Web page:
Today’s New York cover story on parenting at 50 comes with a new Newsweek-style conversation-piece cover and with one high hurdle of a lede.
“The first time they had sex, during that initial exploration of unfamiliar flesh, John Ross uttered words to Ann Maloney that would sound to her like prophecy. ‘You have the body of a young girl. You need a baby.'”
We don’t think we’re being ageist when we say that is a disturbing thing to say to a consenting adult mid-coitus. He says, “You have the body of a young girl. You need a baby,”; we hear “I’m a pedophile and I’m about to forget to pull out.” Nonetheless, we applaud our friend Mr. Ross for sticking the landing on a risky combination.
Once the reader gets through that thicket of revulsion, the weirdness continues.
There is a lurid little anecdote about how W editor Stefano Tonchi’s friends think he is crazy to have twins at 51.
Now that their daughters have arrived, the couple’s acquaintances are wondering how Tonchi (who declined to be interviewed) is coping with the addition of two barfing babies to his fastidiously posh apartment.
He’s probably coping with the help of family, nannies and maids, just like the wealthy people who did not decline to be interviewed. One of the piece’s most important points is that it doesn’t matter much to children how old their parents are–if they’re wealthy enough to afford the reproductive technology, the kids will be more or less fine no matter what.
And it wouldn’t be a story about a human biological function without a personal disclosure:
I should note at this point that I realize how lucky I am. I had my first and only baby when I was 40 years old, and joyously brought her home to the brownstone-Brooklyn neighborhood where we live. Thanks purely to the fluke of my inhabiting that particular moment and our particular place of residence, my age has been an unremarkable fact of our lives. No one has doubted my mothering abilities or questioned my motivations because I had my child later than most people; lots of the moms in my daughter’s class are around my age. But it’s only because I happened to fall on the acceptable side of the line that I was spared the bigotry directed at parents who dare to cross it. Had I waited a little longer to get pregnant, or lived in an earlier era, I would have been one of the freaks.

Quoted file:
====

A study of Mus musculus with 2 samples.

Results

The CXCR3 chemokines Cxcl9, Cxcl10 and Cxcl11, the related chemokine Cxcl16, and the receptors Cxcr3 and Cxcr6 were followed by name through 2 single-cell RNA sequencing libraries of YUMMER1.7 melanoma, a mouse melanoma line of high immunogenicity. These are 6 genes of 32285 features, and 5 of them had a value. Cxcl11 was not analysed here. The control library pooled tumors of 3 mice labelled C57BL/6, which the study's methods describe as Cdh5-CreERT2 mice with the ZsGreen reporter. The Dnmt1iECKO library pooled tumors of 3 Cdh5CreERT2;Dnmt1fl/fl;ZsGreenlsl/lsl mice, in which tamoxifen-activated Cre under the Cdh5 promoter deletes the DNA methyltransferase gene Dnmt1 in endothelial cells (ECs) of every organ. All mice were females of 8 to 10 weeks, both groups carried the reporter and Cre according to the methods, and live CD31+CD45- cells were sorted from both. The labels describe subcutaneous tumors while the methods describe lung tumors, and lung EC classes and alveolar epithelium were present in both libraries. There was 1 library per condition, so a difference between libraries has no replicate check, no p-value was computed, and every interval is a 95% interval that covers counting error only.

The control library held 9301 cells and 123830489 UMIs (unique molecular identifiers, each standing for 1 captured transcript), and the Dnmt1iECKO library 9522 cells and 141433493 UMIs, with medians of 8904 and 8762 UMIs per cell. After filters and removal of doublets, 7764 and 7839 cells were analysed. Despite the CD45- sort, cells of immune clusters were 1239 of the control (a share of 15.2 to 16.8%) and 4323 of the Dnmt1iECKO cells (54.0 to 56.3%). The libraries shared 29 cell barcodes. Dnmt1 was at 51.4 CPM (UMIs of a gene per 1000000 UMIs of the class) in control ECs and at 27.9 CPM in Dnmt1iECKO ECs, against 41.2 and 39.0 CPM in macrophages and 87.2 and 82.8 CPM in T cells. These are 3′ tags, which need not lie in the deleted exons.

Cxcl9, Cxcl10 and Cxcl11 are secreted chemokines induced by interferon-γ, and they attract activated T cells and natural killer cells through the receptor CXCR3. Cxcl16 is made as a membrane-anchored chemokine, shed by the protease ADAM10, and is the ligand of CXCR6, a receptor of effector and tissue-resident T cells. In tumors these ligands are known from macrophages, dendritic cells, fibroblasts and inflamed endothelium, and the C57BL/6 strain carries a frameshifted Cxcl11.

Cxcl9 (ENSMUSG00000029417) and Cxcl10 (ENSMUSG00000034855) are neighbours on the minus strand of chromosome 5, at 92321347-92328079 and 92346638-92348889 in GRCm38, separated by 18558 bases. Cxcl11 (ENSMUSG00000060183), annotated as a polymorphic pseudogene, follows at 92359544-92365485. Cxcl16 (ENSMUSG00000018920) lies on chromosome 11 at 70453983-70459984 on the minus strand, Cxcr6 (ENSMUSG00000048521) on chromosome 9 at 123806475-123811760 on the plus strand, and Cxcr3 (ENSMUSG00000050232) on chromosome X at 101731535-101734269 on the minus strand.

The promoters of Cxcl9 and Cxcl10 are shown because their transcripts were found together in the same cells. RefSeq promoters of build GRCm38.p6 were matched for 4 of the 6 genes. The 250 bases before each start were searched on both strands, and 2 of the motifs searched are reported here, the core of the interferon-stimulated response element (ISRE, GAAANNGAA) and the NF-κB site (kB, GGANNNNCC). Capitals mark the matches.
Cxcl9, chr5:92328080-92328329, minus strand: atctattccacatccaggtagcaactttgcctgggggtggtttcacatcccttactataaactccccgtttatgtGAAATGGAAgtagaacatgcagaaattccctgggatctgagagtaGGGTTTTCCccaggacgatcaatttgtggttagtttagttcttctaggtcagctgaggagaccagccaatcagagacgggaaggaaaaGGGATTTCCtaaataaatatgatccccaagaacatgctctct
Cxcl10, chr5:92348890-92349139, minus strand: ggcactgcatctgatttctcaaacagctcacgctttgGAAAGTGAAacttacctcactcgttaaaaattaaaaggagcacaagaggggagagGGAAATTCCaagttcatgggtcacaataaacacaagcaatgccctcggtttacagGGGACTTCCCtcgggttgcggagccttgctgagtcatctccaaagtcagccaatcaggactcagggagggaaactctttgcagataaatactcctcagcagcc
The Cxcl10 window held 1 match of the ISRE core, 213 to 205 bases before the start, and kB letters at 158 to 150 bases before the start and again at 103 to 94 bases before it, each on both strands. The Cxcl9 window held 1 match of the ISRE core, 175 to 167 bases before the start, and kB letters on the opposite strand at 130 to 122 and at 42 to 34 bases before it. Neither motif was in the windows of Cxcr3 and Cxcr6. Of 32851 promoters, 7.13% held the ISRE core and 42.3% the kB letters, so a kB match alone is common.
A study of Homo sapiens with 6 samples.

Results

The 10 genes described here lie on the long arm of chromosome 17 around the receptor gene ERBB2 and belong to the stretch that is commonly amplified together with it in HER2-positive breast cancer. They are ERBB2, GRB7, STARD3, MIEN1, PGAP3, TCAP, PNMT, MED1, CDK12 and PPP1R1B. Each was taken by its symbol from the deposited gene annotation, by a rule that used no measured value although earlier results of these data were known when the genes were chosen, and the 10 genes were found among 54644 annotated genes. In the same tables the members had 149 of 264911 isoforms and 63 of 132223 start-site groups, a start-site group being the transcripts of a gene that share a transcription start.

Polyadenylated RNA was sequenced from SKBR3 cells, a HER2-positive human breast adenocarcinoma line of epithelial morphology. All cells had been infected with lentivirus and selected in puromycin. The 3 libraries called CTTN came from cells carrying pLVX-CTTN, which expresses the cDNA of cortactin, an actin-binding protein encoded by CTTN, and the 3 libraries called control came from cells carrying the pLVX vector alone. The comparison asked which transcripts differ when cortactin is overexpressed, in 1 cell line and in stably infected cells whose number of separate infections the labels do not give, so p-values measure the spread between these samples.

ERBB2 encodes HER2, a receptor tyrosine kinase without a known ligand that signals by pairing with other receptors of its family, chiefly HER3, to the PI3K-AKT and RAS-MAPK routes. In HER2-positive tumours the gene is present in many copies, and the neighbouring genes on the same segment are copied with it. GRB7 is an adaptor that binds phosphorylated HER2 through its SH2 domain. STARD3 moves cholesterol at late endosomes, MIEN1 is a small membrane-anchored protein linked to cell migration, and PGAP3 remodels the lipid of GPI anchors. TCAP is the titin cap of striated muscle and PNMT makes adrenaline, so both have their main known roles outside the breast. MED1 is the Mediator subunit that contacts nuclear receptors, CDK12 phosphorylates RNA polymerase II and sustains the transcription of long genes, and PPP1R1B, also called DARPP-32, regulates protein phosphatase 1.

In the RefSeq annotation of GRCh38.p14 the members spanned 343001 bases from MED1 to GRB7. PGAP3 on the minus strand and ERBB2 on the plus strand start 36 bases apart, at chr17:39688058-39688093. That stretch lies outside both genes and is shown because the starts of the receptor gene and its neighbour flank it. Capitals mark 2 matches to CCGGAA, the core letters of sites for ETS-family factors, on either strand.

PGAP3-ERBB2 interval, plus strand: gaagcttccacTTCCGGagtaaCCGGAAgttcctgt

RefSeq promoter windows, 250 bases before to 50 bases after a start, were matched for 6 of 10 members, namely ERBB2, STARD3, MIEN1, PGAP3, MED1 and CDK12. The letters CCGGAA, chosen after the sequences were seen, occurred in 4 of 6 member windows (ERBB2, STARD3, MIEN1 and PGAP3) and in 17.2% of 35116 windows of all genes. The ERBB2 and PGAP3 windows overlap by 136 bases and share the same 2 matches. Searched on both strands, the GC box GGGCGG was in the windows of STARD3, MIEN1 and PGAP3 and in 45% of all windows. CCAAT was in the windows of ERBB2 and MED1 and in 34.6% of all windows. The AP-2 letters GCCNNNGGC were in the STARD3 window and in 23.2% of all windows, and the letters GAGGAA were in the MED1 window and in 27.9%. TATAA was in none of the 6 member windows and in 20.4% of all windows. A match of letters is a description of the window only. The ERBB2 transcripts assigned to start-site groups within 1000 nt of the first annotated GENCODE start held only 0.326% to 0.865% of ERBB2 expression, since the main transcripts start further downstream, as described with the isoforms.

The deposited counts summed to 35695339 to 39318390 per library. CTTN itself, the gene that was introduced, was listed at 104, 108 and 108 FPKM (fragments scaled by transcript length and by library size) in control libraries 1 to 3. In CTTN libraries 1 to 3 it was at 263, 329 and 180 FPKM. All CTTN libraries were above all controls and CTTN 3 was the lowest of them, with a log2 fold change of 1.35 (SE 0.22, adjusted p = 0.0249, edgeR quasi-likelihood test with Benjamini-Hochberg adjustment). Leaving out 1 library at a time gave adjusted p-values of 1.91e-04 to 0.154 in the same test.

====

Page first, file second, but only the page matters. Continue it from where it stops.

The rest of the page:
The freaks. Just one final head-scratch moment, on the matter of the hypothetical stereotype from which the author was luckily spared:
The self-centered female, drinking wine and buying Jimmy Choos for decades, who one day awakens—alone, wrapped in high-thread-count sheets—and remembers the baby she never had. She goes to her doctor and sobs. If she succeeds in achieving her heart’s desire, she’ll just hire a nanny and go right back to work and, in one blog post I saw, refuse to sit on the floor and play with blocks.
Sure, some women are materialistic bitches. But most delay children because they want the independence that comes with work as well as the nontrivial benefits of professional success: a good salary, health insurance, and a stable place in the world.
Gratuitous use of the b-word aside, it sounds like the moral of chick flick to us. Maybe now they’re writing them with the magazine-to-movie deals in mind.